One of the first women flyweights to compete in the Octagon could be facing some trouble in her MMA career. 32-year-old Mara Romero Borella became half of the first bout under the UFC’s newly instituted 125 lb division back in 2017, when she defeated Kalindra Faria via first round submission.
She then lost a contentious split decision to top contender Katlyn Chookagian in January of this year, and hasn’t been seen since. Now there are questions swimming about the chances of the Italian athlete ever returning.
Italian MMA site 4once.it reports (h/t to MMA Today) that Borella has been handed a 26-year-suspension from Italy’s National Anti-Doping Organization (NADO Italy), in connection with a 2012 sting operation that reportedly busted her along with her boyfriend at the time – and 35 others – for distribution of marijuana and cocaine.
According to reports, Borella spent time in jail and under house arrest for the incident. Additionally she was banned from competition for 15 years in 2014 by NADO Italy, for violation of WADA guidelines. However, that suspension has now apparently been extended out until 2044, following new violations.
The increased time seems to have come about due to Borella being involved in and/or attending events sponsored by the Comitato Olimpico Nazionale Italiano (COMI) or Italian National Olympic Committee – actions that were specifically prohibited as part of the previous suspension. But, that’s where this story takes a surprising twist.
According to Borella’s former coach, Gian Luigi Tedoldi, the fighter never received notification that she had been suspended by NADO Italy. And any violations stemming from that fact were made entirely unintentionally. It’s difficult to say that the lack of communication will have a bearing on getting her suspension reduced, but that may all be a moot point as far as her UFC career is concerned.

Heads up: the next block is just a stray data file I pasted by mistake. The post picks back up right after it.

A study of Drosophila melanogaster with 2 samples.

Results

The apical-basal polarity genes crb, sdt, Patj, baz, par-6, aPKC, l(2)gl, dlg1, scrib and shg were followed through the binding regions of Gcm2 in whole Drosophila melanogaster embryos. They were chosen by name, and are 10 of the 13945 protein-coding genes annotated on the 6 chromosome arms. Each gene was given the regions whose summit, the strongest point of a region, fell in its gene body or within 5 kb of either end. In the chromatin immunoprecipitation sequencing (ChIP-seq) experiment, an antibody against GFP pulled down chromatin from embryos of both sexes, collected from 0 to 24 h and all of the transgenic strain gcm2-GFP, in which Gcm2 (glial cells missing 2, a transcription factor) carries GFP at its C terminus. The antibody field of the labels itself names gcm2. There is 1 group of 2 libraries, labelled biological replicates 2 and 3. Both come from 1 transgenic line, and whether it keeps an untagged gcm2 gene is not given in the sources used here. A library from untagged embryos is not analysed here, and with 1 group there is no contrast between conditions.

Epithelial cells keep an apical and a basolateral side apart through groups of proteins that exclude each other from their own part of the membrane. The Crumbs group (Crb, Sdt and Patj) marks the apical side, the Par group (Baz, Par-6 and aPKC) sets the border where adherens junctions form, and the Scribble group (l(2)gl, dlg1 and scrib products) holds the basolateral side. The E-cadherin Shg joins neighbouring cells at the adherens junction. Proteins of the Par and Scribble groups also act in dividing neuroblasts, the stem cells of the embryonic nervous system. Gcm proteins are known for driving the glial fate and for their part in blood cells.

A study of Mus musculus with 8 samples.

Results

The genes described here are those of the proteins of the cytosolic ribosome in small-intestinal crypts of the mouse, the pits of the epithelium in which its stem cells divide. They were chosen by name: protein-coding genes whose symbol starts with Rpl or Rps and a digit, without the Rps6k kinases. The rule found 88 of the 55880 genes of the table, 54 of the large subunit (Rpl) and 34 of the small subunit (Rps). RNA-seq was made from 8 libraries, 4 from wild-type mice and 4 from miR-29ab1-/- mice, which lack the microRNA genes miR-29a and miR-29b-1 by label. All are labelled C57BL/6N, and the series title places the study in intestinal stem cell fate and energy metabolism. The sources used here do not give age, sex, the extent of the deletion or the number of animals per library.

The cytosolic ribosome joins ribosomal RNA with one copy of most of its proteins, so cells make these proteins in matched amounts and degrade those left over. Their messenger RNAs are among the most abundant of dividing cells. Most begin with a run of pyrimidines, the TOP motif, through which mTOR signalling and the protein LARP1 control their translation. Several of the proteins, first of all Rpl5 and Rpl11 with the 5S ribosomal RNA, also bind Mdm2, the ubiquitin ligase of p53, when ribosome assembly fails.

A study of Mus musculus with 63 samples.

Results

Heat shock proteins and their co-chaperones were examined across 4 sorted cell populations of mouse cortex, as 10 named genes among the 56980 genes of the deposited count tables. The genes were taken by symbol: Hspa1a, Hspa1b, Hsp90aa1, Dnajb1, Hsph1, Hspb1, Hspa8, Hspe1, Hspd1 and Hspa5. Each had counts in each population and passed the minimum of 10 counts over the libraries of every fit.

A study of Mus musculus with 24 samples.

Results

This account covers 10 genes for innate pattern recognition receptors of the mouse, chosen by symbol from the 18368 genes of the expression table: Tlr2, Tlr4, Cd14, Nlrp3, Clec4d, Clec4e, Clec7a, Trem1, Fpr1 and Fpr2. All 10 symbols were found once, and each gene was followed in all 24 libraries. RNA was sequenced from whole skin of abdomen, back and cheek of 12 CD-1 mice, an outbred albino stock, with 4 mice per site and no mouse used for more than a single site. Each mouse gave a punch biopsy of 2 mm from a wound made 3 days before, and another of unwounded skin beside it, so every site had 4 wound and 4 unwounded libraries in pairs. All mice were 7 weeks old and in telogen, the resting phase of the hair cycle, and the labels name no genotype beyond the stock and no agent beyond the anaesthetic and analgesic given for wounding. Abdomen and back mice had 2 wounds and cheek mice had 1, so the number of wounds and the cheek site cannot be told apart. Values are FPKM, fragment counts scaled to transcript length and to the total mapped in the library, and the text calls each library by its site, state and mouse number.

As Erik Magraken of Combat Sports Law recently pointed out, “Both Cannabis and Cocaine are not banned out of competition under the UFC/USADA Anti-Doping Policy (the ‘ADP’). There is also nothing in the policy that automatically forces the UFC/USADA to recognize a ban from an other organization.”
Additionally, due to specific language in the UFC’s ADP, Borella may not be in violation of the promotion’s own “Trafficking” guidelines if they wished to uphold the NADO suspension. The UFC’s ADP states that by definition: trafficking “…shall not include actions involving Prohibited Substances which are not prohibited in Out-of Competition Testing unless the circumstances as a whole demonstrate such Prohibited Substance are intended to enhance sport performance…”
It remains to be seen what direction the UFC decides to take on this. They could decide to uphold NADO’s suspension, which would effectively kill Borella’s career. Or simply cut her from the organization and let rid themselves of any conflict in policy. Or, simply ignore the whole thing and let Borella continue to compete as long as she continues to comply with USADA guidelines under her UFC contract.